Long before his protest of our National Anthem, Colin Kaepernick should have been released by the San Francisco 49ers. The former starting quarterback and budding superstar had been relegated to Blaine Gabbert’s back-up and has suffered nagging injuries that have derailed his once-promising NFL career. To the Niners credit, they did attempt to trade Kaepernick and it appeared for a while that he was bound for Denver to take over the retired Peyton Manning’s duties for the defending Super Bowl champion Broncos. But they should have bit the bullet even earlier to avoid the guaranteed $11.9 million base salary for the 2016 season, which kicked in once he remained on the roster on April 1.
As a mater of fact, Kaepernick announced that he was demanding a trade during the offseason, even after Chip Kelly was hired as their new head coach. Pundits declared that Kaepernick would be a perfect fit for Kelly’s style only to scratch their heads when Kaepernick went public with his demands. At this point, it would have been totally understood if the Niners released him, especially considering that his health status wasn’t certain.
Kaepernick missed the majority of the team’s offseason training program due to his injuries and that set him back for any hope in winning the job from Gabbert, who took over for the benched Kaepernick in November of last season. The former first round draft pick (2011, 10th overall) of the Jacksonville Jaguars finished the year with 2,031 yards passing, 10 touchdowns, 7 interceptions for a 71.9 passer rating. Not exactly sparkling numbers, but Gabbert had the confidence of the locker room heading into training camp this summer.
Signed to a team-friendly two-year, $2 million contract in March of 2015, Gabbert is averaging 1/19th of what Kaepernick of earning. Back in June of 2014, the 49ers signed the Nevada product to a six-year, $114 million extension after he led them to the Super Bowl and the NFC Championship Game in consecutive seasons.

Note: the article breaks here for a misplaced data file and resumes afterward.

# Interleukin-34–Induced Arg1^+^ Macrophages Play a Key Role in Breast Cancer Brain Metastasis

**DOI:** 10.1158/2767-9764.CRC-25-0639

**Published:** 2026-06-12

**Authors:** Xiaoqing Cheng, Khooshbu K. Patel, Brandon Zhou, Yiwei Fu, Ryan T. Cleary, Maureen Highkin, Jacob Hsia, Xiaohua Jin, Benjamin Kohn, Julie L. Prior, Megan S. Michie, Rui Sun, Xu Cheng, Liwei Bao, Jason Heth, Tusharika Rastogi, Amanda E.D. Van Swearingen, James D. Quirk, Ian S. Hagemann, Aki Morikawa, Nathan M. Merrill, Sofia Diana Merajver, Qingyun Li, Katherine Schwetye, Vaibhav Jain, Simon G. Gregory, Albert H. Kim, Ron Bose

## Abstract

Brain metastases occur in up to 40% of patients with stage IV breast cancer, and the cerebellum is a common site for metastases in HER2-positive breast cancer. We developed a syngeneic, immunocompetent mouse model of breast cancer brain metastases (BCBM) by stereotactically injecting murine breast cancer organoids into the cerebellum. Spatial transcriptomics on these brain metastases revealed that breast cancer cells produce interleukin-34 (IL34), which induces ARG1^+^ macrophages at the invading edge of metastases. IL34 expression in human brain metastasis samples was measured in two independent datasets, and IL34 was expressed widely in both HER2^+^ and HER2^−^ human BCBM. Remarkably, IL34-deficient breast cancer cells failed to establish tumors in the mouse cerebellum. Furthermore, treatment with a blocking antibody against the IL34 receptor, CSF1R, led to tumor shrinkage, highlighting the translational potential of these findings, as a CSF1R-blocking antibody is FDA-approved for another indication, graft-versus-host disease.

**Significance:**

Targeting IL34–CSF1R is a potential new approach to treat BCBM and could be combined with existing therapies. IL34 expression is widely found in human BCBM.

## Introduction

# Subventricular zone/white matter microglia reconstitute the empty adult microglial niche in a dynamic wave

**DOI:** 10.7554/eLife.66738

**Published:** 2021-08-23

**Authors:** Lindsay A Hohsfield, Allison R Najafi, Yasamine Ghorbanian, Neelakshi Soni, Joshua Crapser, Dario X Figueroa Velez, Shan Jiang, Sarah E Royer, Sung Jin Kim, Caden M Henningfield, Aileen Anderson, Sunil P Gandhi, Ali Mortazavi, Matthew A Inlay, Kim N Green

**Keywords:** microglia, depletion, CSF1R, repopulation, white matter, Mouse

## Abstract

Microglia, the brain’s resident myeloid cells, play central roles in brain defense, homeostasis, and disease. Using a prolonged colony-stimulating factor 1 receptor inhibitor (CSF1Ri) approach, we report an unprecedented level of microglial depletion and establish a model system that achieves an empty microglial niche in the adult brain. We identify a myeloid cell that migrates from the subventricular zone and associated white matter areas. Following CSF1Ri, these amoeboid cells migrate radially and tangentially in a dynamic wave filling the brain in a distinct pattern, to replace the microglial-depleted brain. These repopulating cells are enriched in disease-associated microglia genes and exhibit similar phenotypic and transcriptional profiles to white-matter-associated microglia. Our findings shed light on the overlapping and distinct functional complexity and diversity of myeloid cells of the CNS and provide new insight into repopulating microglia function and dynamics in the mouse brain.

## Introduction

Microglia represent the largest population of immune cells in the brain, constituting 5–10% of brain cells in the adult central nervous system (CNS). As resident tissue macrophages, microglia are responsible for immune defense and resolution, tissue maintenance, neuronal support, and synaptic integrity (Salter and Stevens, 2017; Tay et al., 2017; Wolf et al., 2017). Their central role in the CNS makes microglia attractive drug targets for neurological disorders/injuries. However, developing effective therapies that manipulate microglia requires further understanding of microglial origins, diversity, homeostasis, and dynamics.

Kelly has already announced that Gabbert will not play in the fourth and final preseason game and that Kaepernick will start. Although he has not made an official announcement, that is a clear indication that Gabbert has won the job. As a matter of fact, the team can save $1.125 million if they cut Kaepernick before Saturday’s deadline of the 53-man roster.
Unless Gabbert is ineffective or gets injured, Kaepernick will remain the back-up and be a weekly distraction. The 49ers also have Christian Ponder on the roster, who was selected two spots behind Gabbert in the same draft. This is a rebuilding team with a new coaching staff so the expectations are not high. Having a lightning rod like Kaepernick around draining the salary cap at the same time is a recipe for disaster. They can cut their losses now and not have to worry about the guaranteed money that kicks in every April 1 throughout the term of the contract.
The organization will no doubt be scrutinized if they do release Kaepernick and they will be accused of racism, etc. Coupled with Kelly’s rocky tenure in Philadelphia filled with accusations of racism (see Riley Cooper, LeSean McCoy and DeSean Jackson), it would be all too easy for a contingent of not only the league, but society itself to point the finger.
But they have a built in excuse (salary, injury prone, etc.) to deflect the criticism. Even if Kaepernick was still the starter, his disrespectful actions and subsequent doubling down on them are deserving of being shown the door. But in this PC-conscious world, the 49ers would probably prefer to eat Kaepernick’s $19 million average annual salary and have him trample all over true American values rather than be accused of racism or perhaps even Islamaphobia.
Yes, that’s right. Religion has been brought into this already-ugly situation. Kaepernick – who at one time was (and still may be) a devout and pious Christian who was proud of his many Biblical tattoos – may have converted to Islam. His fiancee is Islamic and he has made some social media posts that suggest he, too, may be converting.
And last but not least, Kaepernick’s statements about his protest have been anti-police and not anti-military. (He doesn’t get to choose which group he offends with his actions.) This has been a contentious subject in our country and even in the NFL, with the league not allowing the Cowboys to wear a helmet decal honoring the five slain Dallas police officers at the hands of a sniper during a Black Lives Matter protest.
There has been a lot of blowback against Kaepernick for this and he may have bit off more than he can chew. Especially since his skills on the football field have diminished. He doesn’t have much leverage and may find himself on the outside looking in for a long time.
EDITOR’S NOTE: I had the opportunity to sit down and do a one-on-one interview with Colin Kaepernick in April of 2013, a few months after he came within one pass of leading the 49ers to a Super Bowl win. He was a humble and respectful young man and I immediately became a fan of his only a scant few minutes into our meeting. He impressed me as a person, as well as an athlete and potential perennial Pro Bowler. I felt that he had a Wheaties box cover in his immediate future. So it is disappointing to say the least that he has chosen to stain his reputation and career by doing this.